Is Balance A Civilizational Risk?
Risk applies to every person and organization, but few think of society or even civilizations as having risks. Most recognize that civilizations and societies are cyclic and identify heroes and villains by their participation in positive or negative cycles.
Despite an entire risk industry, where risks are analyzed in minute detail, nobody appears to look at risk to a civilization. Many books describe societal and civilizational history, even with a few lessons learnt thrown in, but despite that, the same mistakes are made indicating that we seem incapable to get away from ourselves.
No single factor encompasses the risk faced by a civilization. Things like money appear to be a sword in the side of man, but the sword itself comes from money and therefore is not the cause of the risk. Diversity appears to debilitate human performance despite its creative appeal, but it is on the level of symptom, such as the risk of improper food preparation where some may perish from food poisoning, but the organization itself continues on.
The sword is a single identifiable item making risk determination easy. Understanding the risk inherent in diversity proves more complicated because it affects both individuals and organizations, and does so indirectly, which means that there is no single point of impact like a sword-strike that we can point to and say, “Aha! Witness the risk!”
For that reason, we are looking for a type of risk that serves as a gateway (cause) to many other risks (symptom/effect). For example, “openness” was described as a strong feature in Roman Social Organization. When we move away from measuring performance only, we see the organizational risk of “openness” in its social context is intuitive and fits within the past literature on risk.
Openness is hard to diagnose because gregarious animals like humans are by nature social, which means that people seeing societies in decay do not recognize their over-socialization to be abnormal and will instead rationalize it as positive. Problem solvers always blame some technical aspect of life because that idea may actually be partially true, and it is easier than diagnosing broad human behaviors that become pathological to the group, even though those are the cause of most civilization decline.
Even so, openness is still not the single collective social organizational risk descriptor I am looking for.
Then my Mother’s advice returned to me: “Always be careful of the word too.”
Mothers are famous for keeping things in balance. They want you to stand up for yourself, but not take it too far; they want you to not eat too little, but not to over-eat either. Applied to civilizations, the concept of balance is mathematically easy to describe and is generally portrayed as a type of cycle, swinging between extremes. For example economists and investors absolutely love to draw graphs of bull and bear cycles. This includes the ability to detect when something is overvalued or undervalued.
By doing so, they confuse the cyclical nature of civilization with the cycles of the markets, when in fact the civilization cycle measures the social order they find so hard to quantitatively measure. When we view market cycles as the risk to our civilization, and forget about social order, our only concern becomes balance to those market cycles, ensuring that we do not let the markets rise too high or fall too low.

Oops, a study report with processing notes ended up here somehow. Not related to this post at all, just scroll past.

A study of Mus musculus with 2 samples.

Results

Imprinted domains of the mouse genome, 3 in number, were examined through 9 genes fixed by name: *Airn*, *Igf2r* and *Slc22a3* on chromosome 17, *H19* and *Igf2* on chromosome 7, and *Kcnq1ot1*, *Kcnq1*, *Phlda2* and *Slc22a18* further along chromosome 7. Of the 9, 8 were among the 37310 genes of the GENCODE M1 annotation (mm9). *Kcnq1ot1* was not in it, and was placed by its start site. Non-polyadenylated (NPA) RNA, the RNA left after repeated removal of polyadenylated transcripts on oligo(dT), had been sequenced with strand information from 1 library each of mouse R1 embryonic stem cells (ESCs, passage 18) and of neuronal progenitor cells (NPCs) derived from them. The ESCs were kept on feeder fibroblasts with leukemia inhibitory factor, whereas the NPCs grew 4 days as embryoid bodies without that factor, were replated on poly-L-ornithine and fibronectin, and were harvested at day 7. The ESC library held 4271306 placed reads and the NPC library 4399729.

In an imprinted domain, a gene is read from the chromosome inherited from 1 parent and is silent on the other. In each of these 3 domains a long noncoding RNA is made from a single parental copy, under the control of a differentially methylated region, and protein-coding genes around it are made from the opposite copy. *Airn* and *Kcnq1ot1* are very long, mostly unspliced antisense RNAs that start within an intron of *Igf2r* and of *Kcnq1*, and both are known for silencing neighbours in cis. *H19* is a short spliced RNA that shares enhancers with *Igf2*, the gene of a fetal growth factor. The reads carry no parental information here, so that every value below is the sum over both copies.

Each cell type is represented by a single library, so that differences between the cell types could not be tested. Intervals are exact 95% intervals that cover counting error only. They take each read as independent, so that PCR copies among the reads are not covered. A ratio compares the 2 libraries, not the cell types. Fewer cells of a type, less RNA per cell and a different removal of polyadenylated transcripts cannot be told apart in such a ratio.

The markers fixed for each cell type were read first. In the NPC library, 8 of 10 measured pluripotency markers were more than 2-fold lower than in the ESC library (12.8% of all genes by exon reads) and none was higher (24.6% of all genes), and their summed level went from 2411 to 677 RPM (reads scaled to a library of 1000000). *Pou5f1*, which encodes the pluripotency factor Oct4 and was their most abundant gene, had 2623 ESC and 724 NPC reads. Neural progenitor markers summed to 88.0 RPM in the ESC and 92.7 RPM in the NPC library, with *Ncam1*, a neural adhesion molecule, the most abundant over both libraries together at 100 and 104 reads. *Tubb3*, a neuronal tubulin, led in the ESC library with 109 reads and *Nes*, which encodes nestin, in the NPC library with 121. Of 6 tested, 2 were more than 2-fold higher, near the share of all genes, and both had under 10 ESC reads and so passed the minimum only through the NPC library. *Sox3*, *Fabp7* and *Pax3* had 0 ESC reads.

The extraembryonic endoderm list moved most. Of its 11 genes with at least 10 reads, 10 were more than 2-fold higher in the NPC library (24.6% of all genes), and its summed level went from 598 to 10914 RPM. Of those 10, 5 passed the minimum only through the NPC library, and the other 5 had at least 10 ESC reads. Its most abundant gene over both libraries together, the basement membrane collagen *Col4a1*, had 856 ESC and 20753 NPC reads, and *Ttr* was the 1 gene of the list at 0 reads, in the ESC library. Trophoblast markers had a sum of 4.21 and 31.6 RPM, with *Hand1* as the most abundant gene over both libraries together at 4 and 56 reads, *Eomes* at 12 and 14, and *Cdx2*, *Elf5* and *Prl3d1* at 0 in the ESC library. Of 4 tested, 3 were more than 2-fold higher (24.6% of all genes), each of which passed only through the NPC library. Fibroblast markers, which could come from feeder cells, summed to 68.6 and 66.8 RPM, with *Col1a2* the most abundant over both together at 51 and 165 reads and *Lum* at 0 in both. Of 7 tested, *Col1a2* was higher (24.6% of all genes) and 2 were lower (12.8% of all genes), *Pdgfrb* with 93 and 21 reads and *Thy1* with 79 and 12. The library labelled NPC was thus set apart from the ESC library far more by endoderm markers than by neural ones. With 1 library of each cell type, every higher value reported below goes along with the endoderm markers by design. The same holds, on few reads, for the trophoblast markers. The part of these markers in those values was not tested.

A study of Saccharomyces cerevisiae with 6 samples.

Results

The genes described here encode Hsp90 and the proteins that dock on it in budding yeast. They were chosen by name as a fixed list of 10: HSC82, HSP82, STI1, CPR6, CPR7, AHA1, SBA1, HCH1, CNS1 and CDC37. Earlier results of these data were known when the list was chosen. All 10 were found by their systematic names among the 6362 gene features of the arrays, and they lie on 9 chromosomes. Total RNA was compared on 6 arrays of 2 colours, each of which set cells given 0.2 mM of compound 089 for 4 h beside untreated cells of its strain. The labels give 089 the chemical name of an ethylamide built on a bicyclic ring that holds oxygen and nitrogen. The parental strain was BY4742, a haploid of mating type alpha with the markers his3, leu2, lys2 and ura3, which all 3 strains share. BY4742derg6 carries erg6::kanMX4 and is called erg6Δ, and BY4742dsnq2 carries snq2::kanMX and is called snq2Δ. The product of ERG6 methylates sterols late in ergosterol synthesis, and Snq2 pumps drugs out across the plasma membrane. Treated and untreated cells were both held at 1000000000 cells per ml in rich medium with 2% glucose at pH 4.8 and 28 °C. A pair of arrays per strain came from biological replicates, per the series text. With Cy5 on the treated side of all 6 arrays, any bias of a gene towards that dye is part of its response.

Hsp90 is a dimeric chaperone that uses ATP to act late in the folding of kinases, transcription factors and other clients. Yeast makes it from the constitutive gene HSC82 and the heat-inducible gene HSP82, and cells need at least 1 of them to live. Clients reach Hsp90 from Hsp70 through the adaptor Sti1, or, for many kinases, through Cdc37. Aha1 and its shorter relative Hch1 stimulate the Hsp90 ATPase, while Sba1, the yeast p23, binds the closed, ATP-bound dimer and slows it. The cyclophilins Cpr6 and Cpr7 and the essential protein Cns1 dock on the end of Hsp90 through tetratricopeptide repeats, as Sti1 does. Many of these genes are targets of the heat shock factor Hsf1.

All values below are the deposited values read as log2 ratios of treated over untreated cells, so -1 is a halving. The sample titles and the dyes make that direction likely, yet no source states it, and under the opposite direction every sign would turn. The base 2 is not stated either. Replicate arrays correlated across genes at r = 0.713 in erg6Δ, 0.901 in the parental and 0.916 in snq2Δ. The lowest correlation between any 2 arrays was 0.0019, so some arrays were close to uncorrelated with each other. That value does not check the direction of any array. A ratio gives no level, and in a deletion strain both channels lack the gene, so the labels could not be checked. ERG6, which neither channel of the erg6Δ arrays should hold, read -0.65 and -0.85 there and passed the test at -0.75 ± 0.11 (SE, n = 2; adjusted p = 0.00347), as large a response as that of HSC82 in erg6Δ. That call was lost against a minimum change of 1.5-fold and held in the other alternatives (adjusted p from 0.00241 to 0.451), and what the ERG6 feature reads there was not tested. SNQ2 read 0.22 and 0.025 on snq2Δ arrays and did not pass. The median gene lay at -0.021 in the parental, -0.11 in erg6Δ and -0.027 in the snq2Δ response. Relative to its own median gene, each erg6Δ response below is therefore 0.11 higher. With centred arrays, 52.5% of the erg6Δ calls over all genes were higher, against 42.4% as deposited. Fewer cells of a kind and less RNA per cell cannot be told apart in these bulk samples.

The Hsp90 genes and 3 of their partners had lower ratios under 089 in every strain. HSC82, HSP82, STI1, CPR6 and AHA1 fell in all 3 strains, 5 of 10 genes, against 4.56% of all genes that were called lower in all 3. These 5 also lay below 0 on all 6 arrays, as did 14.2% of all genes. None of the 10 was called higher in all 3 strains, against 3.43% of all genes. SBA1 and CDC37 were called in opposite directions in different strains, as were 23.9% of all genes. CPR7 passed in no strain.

For example, South African GDP/capita is about $8000 while its potential is $40000. The risk of balance will dictate that dropping that metric further — if the dollar is still to be used in future — will mean that the GDP/capita is “too” low, throwing the organization known as South African society out of balance. Similarly, if the same metric would grow to $48000, it will become “too” high. The balance therefore may be $24000 if 100% is taken as $48000; this provides a sense of balanced risk, but misses the actual risk, which is the social order instability that causes fluctuation in value.
Much as we can find an “economic balance” it is also possible to establish a “social/civilizational organization” balance, or in other words, a social order which is geared toward renewal cycles and not decay cycles. Once people focus on social balance, the priority given to economic balance will become a distant feature of life, because once social order risk is properly managed, the resulting stability means that the economy just happens.
The correlation between life expectancy and GDP is 0.61. We know that GDP is important, but it is not the cause of itself. For this reason, there is a correlation between life expectancy and social order — given the presence of enough technology to fight off diseases and invading Mongols — which goes unnoticed because people do not study civilization risk. That can change.
We know that because the same symptoms afflict us time and again but go unattended that a redesign of our concept of risk management is necessary such that it expands to include social order and civilization cycles in its analysis. The first step to this may be trying to avoid an approach of balanced extreme, and instead looking toward establishing order, clarity, purpose and meaning to social order.